Your Handgun Targets And What To Look For

The information your handgun target can provide to you goes a lot further than simply showing whether or not your shots strike the target. Your handgun target can show how you hold your gun, whether or not you flinched during the shot, and how you applied pressure to the trigger. You only need to teach yourself to 'listen' as your target talks.
When your gun is properly sighted and no wind or other environmental factor is affecting your shot, there are eight easy to read errors in shooting that can seen from examining a shooting target. These errors include:
The "target talk" information we will look at next is specific to right-handers but can be reversed to accommodate lefties.
  • Dipping
  • Heeling
  • Thumbing
  • Riding the recoil
  • Too much trigger finger
  • Trigger jerking
  • Lobstering
  • Bad shooting


Dipping is the most common shooting error. This happens when a shooter 'breaks' their wrist at the moment they pull the trigger. This is most likely done in anticipation of the recoil. The movement is mostly unconscious and is an effort to exercise control over the kick of the gun. You can get an idea of what dipping looks like by using your hand to shoot an imaginary gun. Just as you fire your imaginary gun, allow your hand to jerk forward and in a downward motion. When firing a real gun, this motion will cause your shots to string in a vertical pattern beneath your target's bullseye.


This shooting error is pretty much as the name suggests. It happens when a shooter uses his shooting hand to push at the butt of the gun. This causes shots to stray high and to the right of the target.


This is another shooting mistake that happens pretty much as it sounds. A shooter is guilty of thumbing when he or she presses the thumb of the shooting hand against the side of the gun. The push will cause the muzzle of the gun to veer to the right. The shots taken from this position will likely veer to the right also. Evidence of thumbing will be a horizontal line of strikes to the target that is right of the bullseye.

Riding the Recoil

This error is the direct opposite of dipping. A shooter rides the recoil when they flip the muscle in an upward direction right before the recoil occurs. You can simulate this movement also with your imaginary pistol. This time, pretend you are absorbing the recoil when you shoot your finger pistol. This motion will cause bullets to string to the left of the bullseye and strike high on the target.

Too Much Trigger Finger

When a shooter is placing too much of their finger across the trigger of the gun, the evidence of this will be a bullet trail directly left of the bullseye. Too much finger on the trigger causes the shooter to squeeze the trigger at an angle that results in the barrel of the gun moving to the left during the rear motion of the trigger pull.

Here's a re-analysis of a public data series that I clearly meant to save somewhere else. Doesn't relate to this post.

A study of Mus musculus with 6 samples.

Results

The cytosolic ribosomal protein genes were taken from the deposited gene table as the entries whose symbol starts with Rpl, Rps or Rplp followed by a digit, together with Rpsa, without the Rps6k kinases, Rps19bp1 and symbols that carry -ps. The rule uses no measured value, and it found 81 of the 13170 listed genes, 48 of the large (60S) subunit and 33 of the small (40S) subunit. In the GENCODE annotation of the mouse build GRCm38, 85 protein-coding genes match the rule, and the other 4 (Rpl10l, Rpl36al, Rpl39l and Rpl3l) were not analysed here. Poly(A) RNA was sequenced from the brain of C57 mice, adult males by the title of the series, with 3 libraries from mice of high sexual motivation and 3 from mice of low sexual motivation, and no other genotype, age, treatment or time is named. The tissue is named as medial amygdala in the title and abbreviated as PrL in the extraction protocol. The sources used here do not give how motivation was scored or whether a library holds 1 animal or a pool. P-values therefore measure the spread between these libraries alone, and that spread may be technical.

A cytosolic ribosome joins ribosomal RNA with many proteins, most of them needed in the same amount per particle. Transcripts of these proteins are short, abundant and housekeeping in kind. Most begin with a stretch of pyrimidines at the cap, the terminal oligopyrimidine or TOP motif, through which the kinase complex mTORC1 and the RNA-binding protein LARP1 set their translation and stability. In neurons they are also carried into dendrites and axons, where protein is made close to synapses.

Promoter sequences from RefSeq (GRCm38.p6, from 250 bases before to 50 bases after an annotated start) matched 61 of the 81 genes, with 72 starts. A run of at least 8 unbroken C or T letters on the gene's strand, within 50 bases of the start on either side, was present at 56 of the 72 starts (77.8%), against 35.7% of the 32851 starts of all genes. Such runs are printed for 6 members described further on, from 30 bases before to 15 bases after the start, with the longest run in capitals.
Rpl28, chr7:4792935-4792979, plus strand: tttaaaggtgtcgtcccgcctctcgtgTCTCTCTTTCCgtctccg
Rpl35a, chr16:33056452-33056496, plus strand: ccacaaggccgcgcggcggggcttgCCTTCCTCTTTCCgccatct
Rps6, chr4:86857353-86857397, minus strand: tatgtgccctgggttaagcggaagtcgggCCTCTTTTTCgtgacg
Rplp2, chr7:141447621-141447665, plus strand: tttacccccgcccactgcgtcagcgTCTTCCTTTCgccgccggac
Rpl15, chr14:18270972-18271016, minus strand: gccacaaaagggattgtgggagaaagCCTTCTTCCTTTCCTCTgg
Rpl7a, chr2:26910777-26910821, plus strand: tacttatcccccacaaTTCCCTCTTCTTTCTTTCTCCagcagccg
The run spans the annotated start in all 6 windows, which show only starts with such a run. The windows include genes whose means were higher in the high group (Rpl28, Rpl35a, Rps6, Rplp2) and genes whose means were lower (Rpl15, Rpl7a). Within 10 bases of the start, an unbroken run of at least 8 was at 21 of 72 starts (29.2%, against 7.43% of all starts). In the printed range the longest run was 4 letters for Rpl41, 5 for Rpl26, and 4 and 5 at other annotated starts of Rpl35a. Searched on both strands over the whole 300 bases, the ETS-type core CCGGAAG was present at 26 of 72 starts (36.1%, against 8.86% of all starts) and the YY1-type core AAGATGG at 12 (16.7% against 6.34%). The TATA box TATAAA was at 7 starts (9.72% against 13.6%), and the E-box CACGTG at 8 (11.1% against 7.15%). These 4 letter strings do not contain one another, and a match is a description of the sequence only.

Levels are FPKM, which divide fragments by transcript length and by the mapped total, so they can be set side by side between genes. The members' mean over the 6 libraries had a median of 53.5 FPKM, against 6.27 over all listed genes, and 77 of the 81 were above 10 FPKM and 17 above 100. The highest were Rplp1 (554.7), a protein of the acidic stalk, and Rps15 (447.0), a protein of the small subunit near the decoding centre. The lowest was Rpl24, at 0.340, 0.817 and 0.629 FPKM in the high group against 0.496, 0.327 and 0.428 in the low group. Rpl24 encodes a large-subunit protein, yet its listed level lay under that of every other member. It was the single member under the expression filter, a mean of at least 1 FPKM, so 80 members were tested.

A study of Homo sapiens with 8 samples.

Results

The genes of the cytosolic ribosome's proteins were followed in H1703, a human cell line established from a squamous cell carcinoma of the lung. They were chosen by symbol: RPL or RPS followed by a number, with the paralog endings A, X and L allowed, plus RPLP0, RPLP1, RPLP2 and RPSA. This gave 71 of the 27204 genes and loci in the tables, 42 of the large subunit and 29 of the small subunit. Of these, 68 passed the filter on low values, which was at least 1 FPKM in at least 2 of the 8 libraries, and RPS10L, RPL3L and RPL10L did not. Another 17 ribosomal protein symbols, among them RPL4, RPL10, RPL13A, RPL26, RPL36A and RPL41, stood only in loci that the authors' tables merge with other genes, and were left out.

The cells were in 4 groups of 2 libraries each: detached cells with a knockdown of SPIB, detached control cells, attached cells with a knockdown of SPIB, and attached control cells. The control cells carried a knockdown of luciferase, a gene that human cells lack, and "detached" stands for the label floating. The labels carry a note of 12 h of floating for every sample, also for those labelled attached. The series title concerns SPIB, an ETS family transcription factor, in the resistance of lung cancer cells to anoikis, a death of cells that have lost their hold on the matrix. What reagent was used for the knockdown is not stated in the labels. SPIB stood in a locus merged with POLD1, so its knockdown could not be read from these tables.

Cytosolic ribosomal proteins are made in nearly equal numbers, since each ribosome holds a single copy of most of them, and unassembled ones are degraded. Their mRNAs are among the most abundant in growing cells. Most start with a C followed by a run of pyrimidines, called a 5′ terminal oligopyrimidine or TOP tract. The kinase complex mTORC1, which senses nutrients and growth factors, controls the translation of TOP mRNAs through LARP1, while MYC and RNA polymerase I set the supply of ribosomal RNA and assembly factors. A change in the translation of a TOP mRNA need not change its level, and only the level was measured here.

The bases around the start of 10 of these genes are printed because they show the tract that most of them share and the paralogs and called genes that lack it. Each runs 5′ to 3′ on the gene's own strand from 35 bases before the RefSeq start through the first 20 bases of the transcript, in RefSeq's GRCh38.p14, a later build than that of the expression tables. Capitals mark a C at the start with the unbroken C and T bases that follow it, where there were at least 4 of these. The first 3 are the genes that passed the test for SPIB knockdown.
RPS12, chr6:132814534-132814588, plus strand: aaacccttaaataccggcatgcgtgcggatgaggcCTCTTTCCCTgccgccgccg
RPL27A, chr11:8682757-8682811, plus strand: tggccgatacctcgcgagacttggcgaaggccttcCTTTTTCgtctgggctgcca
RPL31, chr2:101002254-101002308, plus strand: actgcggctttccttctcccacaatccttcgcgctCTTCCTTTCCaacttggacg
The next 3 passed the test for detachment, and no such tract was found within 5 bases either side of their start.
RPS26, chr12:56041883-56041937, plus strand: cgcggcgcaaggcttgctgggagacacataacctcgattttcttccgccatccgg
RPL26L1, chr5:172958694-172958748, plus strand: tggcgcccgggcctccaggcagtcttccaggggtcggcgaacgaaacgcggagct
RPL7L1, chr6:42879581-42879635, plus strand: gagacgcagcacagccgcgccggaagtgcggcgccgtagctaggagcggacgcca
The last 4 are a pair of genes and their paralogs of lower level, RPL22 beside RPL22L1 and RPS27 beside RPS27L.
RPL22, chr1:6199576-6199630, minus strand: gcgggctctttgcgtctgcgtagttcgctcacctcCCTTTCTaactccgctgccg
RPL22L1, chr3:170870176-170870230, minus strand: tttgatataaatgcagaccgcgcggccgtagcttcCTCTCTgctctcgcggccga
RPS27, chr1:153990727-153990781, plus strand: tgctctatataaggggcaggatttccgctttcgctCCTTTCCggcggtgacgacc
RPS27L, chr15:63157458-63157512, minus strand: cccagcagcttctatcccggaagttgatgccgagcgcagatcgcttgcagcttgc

The lobstering error happens when a shooter continues to grip the gun tighter and tighter as the trigger is pulled. The effect caused is the opposite of heeling. Lobstering causes the barrel of the gun to break to the right in a downward motion. The bullets will strike the target to the right of the bullseye and can trail either horizontally or in a direction that is closer to the 5 o'clock position.


This error pairs the worst elements of dipping with the problems that come along with using an angle to pull the trigger. Your bullet pattern will string low and to the left of the bullseye when you commit the jerking error.

Bad Shooting

Whether you are right or left-handed, the final issue can only be addressed with attention to fundamentals and hours of practice time. If your shots are all over the place and show no distinct pattern, it is likely you are not shooting your gun very well. This is where a coach who is knowledgeable about guns and shooting may be of service to you.

Final Thoughts

It is my hope that I have provided you with information to help you become better at 'hearing' the target. There are exceptions to the following rule at times, however, most of the errors described above happen when a shooter is trying to anticipate the recoil of the gun. If you find after listening to your target that recoil is responsible for the problems with your shot, you can remedy this by reducing your load and addressing the bad habits you have developed.
Joshua Keaton

Joshua is our senior staff writer for and He is an avid hunter, clay shooter and amateur photographer.